Hanging with Jesus: Church and State (part 1)

Today we are going to investigate the age-old conflict of Church and State. This argument has been a long-standing issue dating back to the Old Testament. Scripture clarifies that as God’s people, we operate by a different standard than this world.

When I refer to this world, I’m speaking of a philosophy and system that shapes and dictates how to live. Conflict arises when we attempt to operate by the world’s systems when God’s Word gives us specific instructions on how to live. Jesus demonstrates for us how to live in this world but not be of this world.

Yet today, maybe more than any other time, we need to be people who live by faith. The actions of and the response to the government through this pandemic have had a polarizing effect on the Church. As Christians, we must be led by the Word of God.

The Word of God gives us principles that develops within us godliness and righteousness. These are two characteristics that must be paramount in our lives. Any behavior or opinion that does not contribute to growth of godliness and righteousness should be reevaluated.

It is better to be approved by God than accepted by man.

In Matthew 22, we see an unexpected alliance between two opposing parties who have come together to trap Jesus. It’s the classic scenario of “the enemy of my enemy is my friend.”

Yet, the shared interest in removing Jesus at any cost forged an alliance between the Herodians and the Pharisees. They ask Jesus, “Is it lawful to pay taxes to Caesar, or not?”

What they mean is, “should we give to a government who oppresses us, violates our rights, mocks our faith, and supports immoral causes?” Truthfully, you could replace “taxes” with any objection because paying taxes wasn’t the primary issue.

The primary objection was about honoring or obeying a government they despised. Jesus does not address whether taxes were right or wrong but redirects the conversation to the obligations of godly people as citizens of this world.

As God’s people, they did not like the fact that they had to give money to a kingdom they morally objected to. They felt this objection exempted them from following specific rules. Jesus disagreed with that assessment.

By complying, they believed they were participating in idolatry because Caesar’s face was minted on the coin with the inscription, “God and high priest.” Orthodox Jews would have considered both name and picture as blasphemous, the latter as a violation of the second commandment against idolatry.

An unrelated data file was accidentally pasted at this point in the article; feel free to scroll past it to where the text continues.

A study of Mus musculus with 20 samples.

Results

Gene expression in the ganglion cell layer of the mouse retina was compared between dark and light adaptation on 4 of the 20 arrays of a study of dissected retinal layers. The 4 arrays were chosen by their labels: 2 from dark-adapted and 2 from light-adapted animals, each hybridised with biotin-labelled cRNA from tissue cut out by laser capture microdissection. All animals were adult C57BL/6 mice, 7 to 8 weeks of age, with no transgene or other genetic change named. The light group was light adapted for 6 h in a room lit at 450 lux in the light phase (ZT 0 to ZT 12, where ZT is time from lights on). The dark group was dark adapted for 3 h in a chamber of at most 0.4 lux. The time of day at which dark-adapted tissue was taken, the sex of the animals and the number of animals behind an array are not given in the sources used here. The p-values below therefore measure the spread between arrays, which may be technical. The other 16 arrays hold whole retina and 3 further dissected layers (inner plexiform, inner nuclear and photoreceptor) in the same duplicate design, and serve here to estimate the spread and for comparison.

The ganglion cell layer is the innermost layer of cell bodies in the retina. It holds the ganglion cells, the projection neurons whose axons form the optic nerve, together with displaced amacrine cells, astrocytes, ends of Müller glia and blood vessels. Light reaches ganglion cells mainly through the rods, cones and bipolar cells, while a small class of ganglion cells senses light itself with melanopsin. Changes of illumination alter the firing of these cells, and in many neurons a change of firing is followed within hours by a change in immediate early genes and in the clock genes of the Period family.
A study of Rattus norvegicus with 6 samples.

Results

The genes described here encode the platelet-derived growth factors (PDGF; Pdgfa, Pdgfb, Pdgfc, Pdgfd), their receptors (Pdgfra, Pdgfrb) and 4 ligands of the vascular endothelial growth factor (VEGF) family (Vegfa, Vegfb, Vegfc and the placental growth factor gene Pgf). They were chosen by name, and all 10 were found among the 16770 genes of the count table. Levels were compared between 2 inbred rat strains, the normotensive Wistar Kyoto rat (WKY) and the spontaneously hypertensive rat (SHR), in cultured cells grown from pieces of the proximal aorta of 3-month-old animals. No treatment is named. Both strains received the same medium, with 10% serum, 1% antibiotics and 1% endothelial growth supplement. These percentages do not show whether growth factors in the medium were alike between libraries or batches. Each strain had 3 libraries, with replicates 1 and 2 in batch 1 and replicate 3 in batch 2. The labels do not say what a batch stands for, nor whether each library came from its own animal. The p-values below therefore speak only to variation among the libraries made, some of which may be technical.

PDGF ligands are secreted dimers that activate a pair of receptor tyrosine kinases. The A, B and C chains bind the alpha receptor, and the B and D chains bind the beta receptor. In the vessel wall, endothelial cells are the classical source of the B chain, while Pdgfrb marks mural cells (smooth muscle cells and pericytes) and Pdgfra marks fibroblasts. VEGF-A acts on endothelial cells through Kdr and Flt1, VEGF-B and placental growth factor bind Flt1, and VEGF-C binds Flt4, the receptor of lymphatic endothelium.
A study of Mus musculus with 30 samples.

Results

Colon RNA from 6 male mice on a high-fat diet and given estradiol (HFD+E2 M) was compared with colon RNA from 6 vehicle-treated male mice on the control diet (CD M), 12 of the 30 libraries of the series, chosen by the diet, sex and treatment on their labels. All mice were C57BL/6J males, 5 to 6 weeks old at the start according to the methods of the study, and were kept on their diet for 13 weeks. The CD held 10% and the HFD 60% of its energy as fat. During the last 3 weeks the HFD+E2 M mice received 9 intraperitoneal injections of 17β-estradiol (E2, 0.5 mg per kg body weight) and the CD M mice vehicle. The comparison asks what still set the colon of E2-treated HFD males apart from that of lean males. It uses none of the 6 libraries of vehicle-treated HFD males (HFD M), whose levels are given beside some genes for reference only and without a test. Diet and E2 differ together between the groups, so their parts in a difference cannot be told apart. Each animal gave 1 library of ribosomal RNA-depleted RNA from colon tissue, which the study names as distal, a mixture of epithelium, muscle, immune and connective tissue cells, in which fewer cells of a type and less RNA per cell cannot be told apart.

Jesus then asks them, “Show me a coin for the tax.” Interestingly, one of their objections rested on the premise that the coin represented idolatry, yet they had this idolatrous coin in their possession. I suppose it was only idolatry when it was used to pay taxes?

Jesus then asks, “Whose likeness and inscription is this?” To which they respond, Caesar. Notice how Jesus draws no connection between the possession of this coin with idolatry.

He turns the tables and establishes a proper perspective of being a part of God’s Kingdom and the kingdom of this world. “Therefore render to Caesar the things that are Caesar’s, and to God the things that are God’s.”

The word “render” Jesus uses has a different meaning than the word “pay” this coalition used. To “render” means “to give in fulfillment of an obligation.”

The required taxes were the obligation of every resident within the Roman Empire. Jesus clearly explains that the coin belongs to Caesar, so they were to pay the requested taxes.

Our dislike of a current political power or government is not justification for rebellion. We must be cautious in allowing our emotions and opinions to blind us of our obedience to God and His instructions.

“for (sic) the anger of man does not produce the righteousness of God.” James 1:20 This is why we are to be led by God’s Word and not our philosophies, logic or emotions, which may encourage us to violate our spiritual responsibilities.

This is why we must trust God when we don’t see how obeying those in authority over us could be a wise decision. There are reasons when we should not obey, and I will uncover that in my next post…stay tuned!